Researchers: Show your support for UO Librarians

The UO Libraries are one of several areas on campus facing significant loss of Career faculty FTE in the coming year, according to United Academics (UA).

A recent article on UA’s website notes that, “of the 42 faculty librarians, 15 have been renewed at only .55 FTE for the coming year, and 5 more face half-time contracts because promotions would put them on a new contract cycle. This FTE reduction would cut the UO librarian workforce by roughly 25%.”

This workforce reduction could have significant impacts on research activities at University of Oregon. Already short-staffed after several years of budget cuts, additional cuts to faculty librarians “would inevitably lead to a significant reduction in or loss of many library services and professional expertise, which will have ripple effects on research, teaching, and learning across the entire university,” UA states.

Michelle McKinley, CSWS director and Bernard B. Kliks Professor of Law, notes that she relied heavily on the services of our librarians, especially the law librarians, during the process of writing her book, Fractional Freedoms: Slavery, Intimacy, and Legal Mobilization in Colonial Lima, 1600–1700 (2016). She says the book never could have been completed without the excellent research skills of librarians who could navigate interlibrary loan system to procure printed sources and deftly maneuver other historical databases.

“As historians, our books are products of libraries as spaces to think, write, and discover knowledge,” McKinley said “Monographs produced in the humanities plumb the depth of archival holdings, many of which need the expertise of Special Collections personnel. We can’t jeopardize our strengths in monograph writing by cutting librarians’ FTE.”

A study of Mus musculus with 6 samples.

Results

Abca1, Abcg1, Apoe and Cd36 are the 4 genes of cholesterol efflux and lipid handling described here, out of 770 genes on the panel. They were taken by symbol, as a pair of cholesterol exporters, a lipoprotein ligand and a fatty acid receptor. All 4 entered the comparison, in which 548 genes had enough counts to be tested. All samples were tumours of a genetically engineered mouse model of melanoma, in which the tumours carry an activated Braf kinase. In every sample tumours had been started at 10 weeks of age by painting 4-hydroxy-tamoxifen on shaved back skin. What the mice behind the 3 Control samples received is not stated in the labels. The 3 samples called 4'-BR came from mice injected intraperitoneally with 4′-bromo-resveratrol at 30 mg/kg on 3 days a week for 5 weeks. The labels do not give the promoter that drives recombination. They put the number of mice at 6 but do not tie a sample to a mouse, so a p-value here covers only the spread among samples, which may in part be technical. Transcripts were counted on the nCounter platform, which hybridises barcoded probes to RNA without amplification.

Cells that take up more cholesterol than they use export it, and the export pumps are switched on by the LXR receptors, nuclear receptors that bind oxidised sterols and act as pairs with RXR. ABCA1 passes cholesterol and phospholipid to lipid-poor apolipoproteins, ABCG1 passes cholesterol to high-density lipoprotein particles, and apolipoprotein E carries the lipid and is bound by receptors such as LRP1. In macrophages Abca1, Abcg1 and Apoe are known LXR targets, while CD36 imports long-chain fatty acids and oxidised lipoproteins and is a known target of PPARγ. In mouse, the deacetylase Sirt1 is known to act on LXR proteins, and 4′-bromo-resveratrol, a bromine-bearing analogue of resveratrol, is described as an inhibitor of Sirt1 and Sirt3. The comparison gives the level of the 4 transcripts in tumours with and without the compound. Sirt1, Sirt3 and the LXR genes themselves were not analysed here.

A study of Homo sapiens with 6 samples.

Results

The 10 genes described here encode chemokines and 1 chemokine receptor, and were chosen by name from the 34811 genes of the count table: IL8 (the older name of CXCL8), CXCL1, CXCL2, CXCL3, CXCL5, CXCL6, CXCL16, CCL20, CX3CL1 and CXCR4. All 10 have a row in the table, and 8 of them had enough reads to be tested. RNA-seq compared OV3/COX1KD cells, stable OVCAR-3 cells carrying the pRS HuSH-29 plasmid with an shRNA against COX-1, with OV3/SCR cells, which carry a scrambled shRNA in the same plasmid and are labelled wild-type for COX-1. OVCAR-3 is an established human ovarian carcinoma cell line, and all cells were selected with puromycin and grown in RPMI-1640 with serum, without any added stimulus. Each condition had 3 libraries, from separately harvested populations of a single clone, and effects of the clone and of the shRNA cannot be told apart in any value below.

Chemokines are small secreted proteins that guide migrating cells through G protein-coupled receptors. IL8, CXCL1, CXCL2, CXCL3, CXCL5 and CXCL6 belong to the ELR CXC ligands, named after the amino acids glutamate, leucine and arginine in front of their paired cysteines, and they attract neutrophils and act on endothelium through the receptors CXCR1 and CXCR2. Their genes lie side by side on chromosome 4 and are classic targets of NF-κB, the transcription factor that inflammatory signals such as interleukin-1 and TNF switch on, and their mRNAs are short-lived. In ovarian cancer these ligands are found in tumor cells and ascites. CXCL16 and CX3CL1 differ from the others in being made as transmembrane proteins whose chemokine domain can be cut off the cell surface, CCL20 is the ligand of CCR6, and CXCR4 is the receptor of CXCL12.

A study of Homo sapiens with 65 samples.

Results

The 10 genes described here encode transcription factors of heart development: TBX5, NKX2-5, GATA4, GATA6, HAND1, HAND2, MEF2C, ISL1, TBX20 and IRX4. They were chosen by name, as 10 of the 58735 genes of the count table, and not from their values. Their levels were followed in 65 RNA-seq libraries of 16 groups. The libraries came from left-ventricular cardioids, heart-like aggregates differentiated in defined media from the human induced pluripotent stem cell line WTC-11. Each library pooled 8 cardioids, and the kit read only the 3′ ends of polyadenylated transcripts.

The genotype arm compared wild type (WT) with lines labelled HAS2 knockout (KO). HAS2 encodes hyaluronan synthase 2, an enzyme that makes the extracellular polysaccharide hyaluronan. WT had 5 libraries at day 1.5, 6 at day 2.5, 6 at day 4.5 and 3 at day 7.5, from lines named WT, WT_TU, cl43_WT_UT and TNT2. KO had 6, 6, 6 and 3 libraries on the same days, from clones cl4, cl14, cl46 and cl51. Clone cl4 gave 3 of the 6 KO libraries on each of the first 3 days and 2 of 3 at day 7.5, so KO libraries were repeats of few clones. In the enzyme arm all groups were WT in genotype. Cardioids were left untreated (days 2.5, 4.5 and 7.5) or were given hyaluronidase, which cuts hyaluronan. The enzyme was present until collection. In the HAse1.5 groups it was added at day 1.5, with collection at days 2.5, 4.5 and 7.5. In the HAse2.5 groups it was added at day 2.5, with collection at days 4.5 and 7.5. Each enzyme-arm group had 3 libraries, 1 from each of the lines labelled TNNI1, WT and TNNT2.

McKinley also notes that women make up a majority of the labor force in the field of Library Science.

Please join with us as we take the following actions suggested by United Academics:

  • Email your Deans, the Provost, and others with institutional power to make clear the broad impact that these losses will have on teaching, research, and learning at UO. Let them know that we need our librarians!
  • Contribute testimonials by filling out a short survey.
  • Visit UOLibrariansUnited.com to stay informed about how UO’s librarians are organizing. This site contains email templates and a brief survey about how librarians have contributed to your research/teaching.

According to UA, some of the many UO library functions at risk include:

Research and Instruction Expertise

  • Eight subject liaison librarians who support instruction, research, and library collections for the College of Education, Lundquist College of Business, School of Music and Dance, and 20 departments or program areas in the College of Arts and Sciences.
  • All three librarians in the Price Science Commons. They manage the Math tutoring center and support instruction, research, and library collections for STEM fields.
  • Three out of five librarians in the Law Library who teach credit-bearing courses on legal research, and support instruction, research, and library collections for the School of Law.

Access to UO Libraries Collections

  • Two librarians who manage library databases and e-resources, ensuring online access to full-text journals and e-books.
  • Three librarians who catalog specialized material formats, including serials, sound recordings, and rare books. They ensure that library users can find what they search for.
  • Two librarians who manage access, preservation, and instruction for digital collections, including the Historic Oregon Newspaper Program and Oregon Digital, UO and OSU’s joint digital cultural heritage archive.
  • Two librarians in Special Collections and University Archives who manage 50,000 linear feet of collections, preserve and curate large collections of archival visual materials, and support access to unique primary source collections.

Digital Scholarship, Data, and Open Access

  • Two librarians who support digital scholarship projects and the advancement of digital scholarship and data management on campus.
  • Two librarians who coordinate the Digital Research, Education, and Media (DREAM) Lab.
  • Two librarians who support open access resources through leadership roles in the Senate Sub-Committee on Open Access and the Senate University Library Committee.